Laidler welcomes proposal to delay withdrawal of EN 954-1

01 September 2009


Laidler welcomes proposal to delay withdrawal of EN 954-1

Laidler Associates says that it broadly welcomes the news that the replacement of the well-known EN 954-1 safety standard is likely to be delayed. Nevertheless, the company emphasises that this move does nothing to change the fact that EN 954-1 is deficient in many areas. Expert guidance is, therefore, highly desirable when relying on this standard, particular in relation to new designs.

A new standard, EN ISO 13849-1 Safety of machinery, Safety-related parts of control systems had been expected to replace EN 954-1 within the next few months. However, some machine and control system builders expressed serious concerns about difficulties in applying the new standard in practice, particularly as it calls for component MTBF (mean time between failure) data that, in many cases, is not currently available.

In response to these concerns, the Machinery Directive Working Group of the European Environmental and Technical Regulation Directorate recently announced that it was receptive to the idea that EN 954-1 could continue to be accepted "for a certain time", while it is still referenced by harmonised standards. It has been suggested that the extended period of acceptance is likely to be either three or five years. [See this more recent announcement confirming the extended transition period for EN 954-1 - Ed]

Pros and cons

"For most control system and machine builders, this is very good news," says Paul Laidler, Managing Director of Laidler Associates, "since it gives time for the work needed to underpin the new EN 13849-1 standard to be carried out carefully and thoroughly. Nevertheless, retaining EN 954-1 does have its downside, as there are many areas that this standard does not cover including, for example, programmable safety equipment, which simply did not exist when it was formulated.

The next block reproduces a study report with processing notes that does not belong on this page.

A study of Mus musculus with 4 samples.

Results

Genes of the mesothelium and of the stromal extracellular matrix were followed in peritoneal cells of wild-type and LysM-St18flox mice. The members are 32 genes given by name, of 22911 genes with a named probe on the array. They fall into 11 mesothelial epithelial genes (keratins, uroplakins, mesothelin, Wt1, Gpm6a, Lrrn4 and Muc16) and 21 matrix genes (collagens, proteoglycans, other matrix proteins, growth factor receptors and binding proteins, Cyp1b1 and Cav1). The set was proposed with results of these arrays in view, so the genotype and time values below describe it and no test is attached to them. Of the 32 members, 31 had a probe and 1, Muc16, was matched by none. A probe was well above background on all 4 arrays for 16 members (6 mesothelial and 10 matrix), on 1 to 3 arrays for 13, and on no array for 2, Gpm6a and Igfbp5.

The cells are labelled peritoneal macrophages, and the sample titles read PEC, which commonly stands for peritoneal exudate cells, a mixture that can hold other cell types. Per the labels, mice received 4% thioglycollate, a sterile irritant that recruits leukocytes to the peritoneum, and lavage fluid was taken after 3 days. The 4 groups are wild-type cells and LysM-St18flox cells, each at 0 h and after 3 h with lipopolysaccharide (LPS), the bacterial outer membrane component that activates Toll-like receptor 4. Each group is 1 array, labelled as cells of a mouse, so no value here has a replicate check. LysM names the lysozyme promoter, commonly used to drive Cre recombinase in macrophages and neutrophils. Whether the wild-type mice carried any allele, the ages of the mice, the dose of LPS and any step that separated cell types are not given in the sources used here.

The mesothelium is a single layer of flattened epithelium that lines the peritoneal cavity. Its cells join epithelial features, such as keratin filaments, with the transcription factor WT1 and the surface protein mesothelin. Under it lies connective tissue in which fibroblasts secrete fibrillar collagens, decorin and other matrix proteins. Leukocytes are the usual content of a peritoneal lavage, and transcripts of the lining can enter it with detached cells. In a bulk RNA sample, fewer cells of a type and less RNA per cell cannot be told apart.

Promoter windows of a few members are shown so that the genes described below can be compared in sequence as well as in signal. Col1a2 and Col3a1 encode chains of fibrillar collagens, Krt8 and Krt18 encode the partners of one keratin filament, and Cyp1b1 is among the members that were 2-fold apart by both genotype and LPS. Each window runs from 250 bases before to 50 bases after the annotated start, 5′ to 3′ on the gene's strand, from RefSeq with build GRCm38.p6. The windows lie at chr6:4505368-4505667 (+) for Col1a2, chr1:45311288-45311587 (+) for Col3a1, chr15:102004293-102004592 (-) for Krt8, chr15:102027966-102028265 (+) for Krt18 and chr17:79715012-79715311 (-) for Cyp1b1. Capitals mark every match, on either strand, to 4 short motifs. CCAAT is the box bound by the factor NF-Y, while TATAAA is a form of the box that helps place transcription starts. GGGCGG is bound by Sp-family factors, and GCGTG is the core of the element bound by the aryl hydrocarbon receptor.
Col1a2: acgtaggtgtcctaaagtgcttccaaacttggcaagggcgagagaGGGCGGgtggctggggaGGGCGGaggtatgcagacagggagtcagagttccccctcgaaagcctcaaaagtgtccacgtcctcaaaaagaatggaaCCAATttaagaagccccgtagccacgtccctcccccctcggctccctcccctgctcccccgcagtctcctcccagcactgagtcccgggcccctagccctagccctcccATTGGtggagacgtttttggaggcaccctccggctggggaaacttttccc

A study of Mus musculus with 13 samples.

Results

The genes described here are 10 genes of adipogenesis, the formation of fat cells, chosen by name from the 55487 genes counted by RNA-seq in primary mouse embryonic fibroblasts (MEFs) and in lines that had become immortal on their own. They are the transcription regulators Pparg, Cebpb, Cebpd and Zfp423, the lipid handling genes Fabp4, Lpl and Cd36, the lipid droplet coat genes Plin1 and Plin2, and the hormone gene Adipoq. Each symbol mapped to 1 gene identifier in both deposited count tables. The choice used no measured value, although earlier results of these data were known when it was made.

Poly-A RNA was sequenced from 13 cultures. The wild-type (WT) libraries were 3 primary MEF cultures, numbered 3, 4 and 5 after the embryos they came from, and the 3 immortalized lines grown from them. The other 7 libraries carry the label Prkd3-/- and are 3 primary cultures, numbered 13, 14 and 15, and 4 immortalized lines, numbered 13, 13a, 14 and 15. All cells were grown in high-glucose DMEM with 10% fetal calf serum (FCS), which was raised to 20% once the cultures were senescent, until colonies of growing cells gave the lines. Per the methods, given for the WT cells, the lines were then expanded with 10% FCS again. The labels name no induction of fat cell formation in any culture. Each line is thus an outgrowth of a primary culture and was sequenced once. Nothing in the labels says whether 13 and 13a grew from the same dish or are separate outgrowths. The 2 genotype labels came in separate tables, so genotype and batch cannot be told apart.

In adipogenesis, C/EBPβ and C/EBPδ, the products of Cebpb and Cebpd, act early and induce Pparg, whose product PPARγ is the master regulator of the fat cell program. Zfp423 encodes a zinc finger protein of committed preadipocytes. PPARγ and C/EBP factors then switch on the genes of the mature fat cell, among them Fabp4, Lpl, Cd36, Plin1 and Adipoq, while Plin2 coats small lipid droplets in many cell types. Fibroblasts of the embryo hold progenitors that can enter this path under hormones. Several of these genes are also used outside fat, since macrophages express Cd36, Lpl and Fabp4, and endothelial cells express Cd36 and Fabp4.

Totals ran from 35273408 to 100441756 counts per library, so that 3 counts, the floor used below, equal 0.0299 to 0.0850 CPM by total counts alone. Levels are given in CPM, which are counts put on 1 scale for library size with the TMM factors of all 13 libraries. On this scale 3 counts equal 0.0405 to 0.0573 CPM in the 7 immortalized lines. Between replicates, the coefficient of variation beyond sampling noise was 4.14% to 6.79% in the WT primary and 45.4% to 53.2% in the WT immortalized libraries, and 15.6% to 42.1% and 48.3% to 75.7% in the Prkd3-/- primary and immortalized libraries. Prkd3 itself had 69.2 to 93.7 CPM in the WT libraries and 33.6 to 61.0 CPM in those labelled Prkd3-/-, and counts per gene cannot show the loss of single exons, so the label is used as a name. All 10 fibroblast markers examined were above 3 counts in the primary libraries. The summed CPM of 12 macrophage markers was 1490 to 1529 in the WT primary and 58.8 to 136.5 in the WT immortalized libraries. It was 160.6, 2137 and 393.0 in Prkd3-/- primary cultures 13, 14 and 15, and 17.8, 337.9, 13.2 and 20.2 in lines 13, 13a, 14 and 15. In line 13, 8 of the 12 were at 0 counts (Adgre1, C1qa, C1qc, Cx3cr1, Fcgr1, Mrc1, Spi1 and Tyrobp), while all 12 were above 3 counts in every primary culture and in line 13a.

"For this reason, control system and machine builders must be careful about placing too much reliance on EN 954-1 as a way of demonstrating that they have fully met their obligations in relation to control system safety. This is, in fact, a complex area where most companies will benefit from expert guidance.

"At Laidler, we have used our wide experience in industrial safety and compliance to carefully analyse this complex situation and the issues it creates. As a result, we are in a prime position to provide that guidance."

Laidler says his company's focus in providing consultancy services for EN 954-1 and EN 18439-1 is "to work with clients to develop comprehensive and dependable solutions that are practical, convenient and cost-effective."